A fracture, or a break, in a bone occurs typically after a fall or any sort of trauma that causes one bone to split in two or more pieces. Any bone can fracture, but there are some that break more frequently than others, such as the ankle bones. Also, depending on the age group, different bones might break under the same type of trauma. For example, when landing on their arms, children would break the elbow, whereas teenagers or young adults would break the bones from the hand, and more senior population would break the wrist bones.
When we have a fracture, the area becomes numb and extremely painful. Swelling and redness follows immediately. This must be assessed urgently to determine the severity and proper management. Final management will depend on the bone fractured, its location and displacement between the bone fragments. X-rays will be ordered to properly assess the break and sometimes, a CT will be ordered as well.

Most commonly, fractures can be managed without surgery. A plaster will have to be applied and, in some cases, it will have to be changed until the pieces heal together. This takes at least 6 weeks and, in some bones, like the tibia, it might take up to 6 months for it to heal. In some situations, the best option for a fracture is to be have it surgically fixed. Each bone has a different indication for surgery. However, surgery will be needed in any of the following situations:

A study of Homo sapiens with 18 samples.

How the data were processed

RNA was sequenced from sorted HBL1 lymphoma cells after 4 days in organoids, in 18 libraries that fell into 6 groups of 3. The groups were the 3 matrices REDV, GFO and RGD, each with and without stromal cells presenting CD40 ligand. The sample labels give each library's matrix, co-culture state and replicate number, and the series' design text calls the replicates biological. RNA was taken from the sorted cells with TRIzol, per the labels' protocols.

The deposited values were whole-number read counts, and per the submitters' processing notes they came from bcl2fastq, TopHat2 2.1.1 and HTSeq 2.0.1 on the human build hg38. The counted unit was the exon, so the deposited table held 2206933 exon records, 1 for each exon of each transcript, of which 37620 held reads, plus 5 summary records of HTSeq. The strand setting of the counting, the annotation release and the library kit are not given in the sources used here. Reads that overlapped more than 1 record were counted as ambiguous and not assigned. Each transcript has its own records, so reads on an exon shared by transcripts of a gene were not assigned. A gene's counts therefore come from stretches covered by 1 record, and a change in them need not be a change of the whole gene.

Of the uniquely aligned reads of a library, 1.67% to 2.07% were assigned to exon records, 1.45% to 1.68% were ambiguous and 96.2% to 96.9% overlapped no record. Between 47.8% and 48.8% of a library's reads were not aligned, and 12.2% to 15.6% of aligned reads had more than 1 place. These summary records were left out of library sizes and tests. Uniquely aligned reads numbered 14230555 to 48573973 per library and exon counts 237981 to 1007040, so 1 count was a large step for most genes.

• The fractured bones are visible. The fracture is considered as open and the chance of infection is high. Hence, surgery will be needed to wash the area and fix the bone
  • The fracture affects a joint. Joints must have smooth surfaces since irregularities lead to early joint degeneration
  • An artery is injured with the fracture. Both must be fixed simultaneously by surgical means
  • A fracture that did not heal with casting
  • A fracture that healed in a non-anatomical position
Your best treatment option will be discussed with you depending on the circumstance. If you need surgery, you will have to spend at least one night in hospital. Surgery consists of placing a plate and screws or a nail to hold the bone fragments together until they heal.
Regardless of the treatment, you will require regular follow ups to be sure everything is going as planned.